February 17th, 2020
Dublin became the first Irish city to pledge its support to a new global
campaign to ensure higher standards of air quality standards in line with World
Health Organisation (WHO) targets.
The Deputy Lord Mayor and
the Mayors of the other three local authorities in the capital this morning signed
up to the BreatheLife campaign led
by WHO, the UN and the Climate and Clean Air Coalition (CCAC) to mobilise
cities to protect the public from air pollution.
By signing up to
the campaign, Dublin joins 76 other cities, regions and countries in vowing to
bring air quality values to safe levels by 2030 while working on innovating
solutions for battling air pollution.
The city’s Deputy
Lord Mayor, Cllr Tom Brabazon, said that hitting the campaign’s stipulated
targets requires making “unpopular” yet “right” decisions
for the sake of public as well as the planet’s health.
signatories acknowledged the need to allocating more road space for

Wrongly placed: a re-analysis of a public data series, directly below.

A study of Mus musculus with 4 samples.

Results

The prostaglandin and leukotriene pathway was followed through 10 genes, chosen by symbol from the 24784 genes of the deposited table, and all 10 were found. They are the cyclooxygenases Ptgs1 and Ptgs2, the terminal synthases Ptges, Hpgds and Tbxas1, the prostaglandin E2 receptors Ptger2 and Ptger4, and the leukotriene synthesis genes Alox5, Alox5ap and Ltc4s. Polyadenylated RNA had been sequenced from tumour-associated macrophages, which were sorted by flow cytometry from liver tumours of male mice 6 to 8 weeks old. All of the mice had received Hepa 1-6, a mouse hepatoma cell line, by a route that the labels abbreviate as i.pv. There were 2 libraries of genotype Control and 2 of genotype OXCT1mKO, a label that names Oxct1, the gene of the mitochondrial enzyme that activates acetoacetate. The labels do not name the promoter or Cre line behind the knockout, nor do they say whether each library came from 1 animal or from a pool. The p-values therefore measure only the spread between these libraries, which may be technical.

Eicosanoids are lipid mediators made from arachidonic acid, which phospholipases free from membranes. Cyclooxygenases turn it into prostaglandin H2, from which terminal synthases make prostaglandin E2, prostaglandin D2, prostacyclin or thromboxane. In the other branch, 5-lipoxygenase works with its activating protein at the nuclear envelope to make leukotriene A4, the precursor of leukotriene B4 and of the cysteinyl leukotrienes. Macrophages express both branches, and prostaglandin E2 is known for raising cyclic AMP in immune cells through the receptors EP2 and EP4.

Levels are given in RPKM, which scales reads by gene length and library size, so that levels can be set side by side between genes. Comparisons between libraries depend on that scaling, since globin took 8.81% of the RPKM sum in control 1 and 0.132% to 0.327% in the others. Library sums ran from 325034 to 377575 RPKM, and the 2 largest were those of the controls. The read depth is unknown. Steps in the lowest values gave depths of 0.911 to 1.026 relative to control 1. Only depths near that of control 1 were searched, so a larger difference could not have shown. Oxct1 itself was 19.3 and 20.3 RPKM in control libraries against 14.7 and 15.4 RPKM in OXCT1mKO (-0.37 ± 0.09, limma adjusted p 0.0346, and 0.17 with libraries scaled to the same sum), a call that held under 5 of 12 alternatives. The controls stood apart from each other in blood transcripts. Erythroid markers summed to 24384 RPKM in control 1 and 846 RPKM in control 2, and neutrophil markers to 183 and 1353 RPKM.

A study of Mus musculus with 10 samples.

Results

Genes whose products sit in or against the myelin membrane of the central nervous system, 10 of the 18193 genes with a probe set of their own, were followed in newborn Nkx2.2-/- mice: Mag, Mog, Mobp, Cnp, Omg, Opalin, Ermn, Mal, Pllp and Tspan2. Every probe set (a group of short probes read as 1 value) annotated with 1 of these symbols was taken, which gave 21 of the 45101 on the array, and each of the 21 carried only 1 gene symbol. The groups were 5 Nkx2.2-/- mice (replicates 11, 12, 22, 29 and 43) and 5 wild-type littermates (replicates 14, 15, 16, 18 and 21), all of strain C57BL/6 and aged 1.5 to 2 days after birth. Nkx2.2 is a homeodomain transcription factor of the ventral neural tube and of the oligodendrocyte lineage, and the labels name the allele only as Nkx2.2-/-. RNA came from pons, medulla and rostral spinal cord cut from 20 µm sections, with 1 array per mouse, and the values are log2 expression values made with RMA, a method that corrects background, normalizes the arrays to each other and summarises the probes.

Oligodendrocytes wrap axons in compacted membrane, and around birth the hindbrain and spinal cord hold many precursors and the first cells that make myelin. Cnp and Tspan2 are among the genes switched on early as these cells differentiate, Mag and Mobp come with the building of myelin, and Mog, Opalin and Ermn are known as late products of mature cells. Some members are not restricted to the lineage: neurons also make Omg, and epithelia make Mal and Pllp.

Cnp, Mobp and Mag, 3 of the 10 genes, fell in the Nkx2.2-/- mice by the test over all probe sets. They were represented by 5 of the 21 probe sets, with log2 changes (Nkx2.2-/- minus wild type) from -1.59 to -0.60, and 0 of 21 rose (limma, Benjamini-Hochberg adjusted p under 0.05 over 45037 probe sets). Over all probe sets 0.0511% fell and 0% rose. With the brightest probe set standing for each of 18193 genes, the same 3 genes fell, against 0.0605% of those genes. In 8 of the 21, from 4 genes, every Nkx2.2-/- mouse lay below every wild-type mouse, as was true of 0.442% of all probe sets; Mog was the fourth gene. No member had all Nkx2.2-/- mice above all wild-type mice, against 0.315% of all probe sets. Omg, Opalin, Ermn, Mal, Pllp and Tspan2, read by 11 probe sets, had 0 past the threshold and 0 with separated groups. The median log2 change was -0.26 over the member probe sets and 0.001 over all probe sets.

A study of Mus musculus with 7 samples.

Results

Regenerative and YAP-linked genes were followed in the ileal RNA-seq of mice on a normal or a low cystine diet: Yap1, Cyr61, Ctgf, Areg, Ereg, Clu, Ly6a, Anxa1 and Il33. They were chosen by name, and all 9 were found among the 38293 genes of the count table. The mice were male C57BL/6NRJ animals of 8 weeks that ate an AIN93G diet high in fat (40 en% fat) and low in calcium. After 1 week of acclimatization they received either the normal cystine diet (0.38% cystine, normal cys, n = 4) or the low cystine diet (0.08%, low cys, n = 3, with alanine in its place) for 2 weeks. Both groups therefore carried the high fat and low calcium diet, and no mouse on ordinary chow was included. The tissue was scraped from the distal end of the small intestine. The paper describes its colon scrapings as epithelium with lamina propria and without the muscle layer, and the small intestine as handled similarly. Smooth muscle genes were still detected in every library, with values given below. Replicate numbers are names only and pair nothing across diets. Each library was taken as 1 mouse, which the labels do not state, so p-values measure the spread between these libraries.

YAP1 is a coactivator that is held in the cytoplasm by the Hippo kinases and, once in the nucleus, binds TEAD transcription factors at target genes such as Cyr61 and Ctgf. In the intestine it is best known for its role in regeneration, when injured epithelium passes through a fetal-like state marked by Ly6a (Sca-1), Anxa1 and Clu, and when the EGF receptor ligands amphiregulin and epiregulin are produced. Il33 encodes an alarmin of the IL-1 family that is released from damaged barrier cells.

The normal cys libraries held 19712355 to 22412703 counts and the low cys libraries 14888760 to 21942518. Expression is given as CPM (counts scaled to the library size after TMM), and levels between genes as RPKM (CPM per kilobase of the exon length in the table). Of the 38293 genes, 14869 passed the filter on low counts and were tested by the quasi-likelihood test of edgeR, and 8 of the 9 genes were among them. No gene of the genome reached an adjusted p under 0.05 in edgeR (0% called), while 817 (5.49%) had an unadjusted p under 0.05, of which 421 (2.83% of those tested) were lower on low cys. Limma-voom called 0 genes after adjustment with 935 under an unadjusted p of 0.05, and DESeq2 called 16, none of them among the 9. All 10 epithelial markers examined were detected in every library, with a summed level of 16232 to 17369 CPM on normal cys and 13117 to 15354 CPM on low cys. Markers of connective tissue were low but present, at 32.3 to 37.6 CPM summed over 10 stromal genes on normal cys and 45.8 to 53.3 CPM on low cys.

pedestrians, cycling and public transport in Dublin, as well as the need to
move away from burning solid fuels to heat our homes.
of Dún Laoghaire-Rathdown, Cllr Shay Brennan, said that protecting the
environment is “the cornerstone of our policies”. “Our Council
will continue to promote policies, actions and behaviours that align with
BreatheLife goals and improve the air quality for people who live and work in
our area,” Mr Brennan said.
the Environmental Protection Agency (EPA) warned that Emissions from transport
and the burning of solid fuel remain Ireland’s top sources of air pollution, the
Environmental Protection Agency (EPA) has warned.
EPA report on urban environmental
issues revealed that
NO2 pollution in Dublin might already be above the EU safety ceiling. The M50
motorway, several city-centre streets and the entrance and exit of the Dublin
Port tunnel were reported as the most polluted areas.
Over 90 per cent
of the world’s population is estimated to breathe polluted air that fails to
meet recommended WHO air quality objectives, with air pollution influencing seven
million untimely deaths every year.
A new index from the Energy Policy Institute at the University of Chicago released last November described air pollution as a more significant threat to human lives than smoking and even war.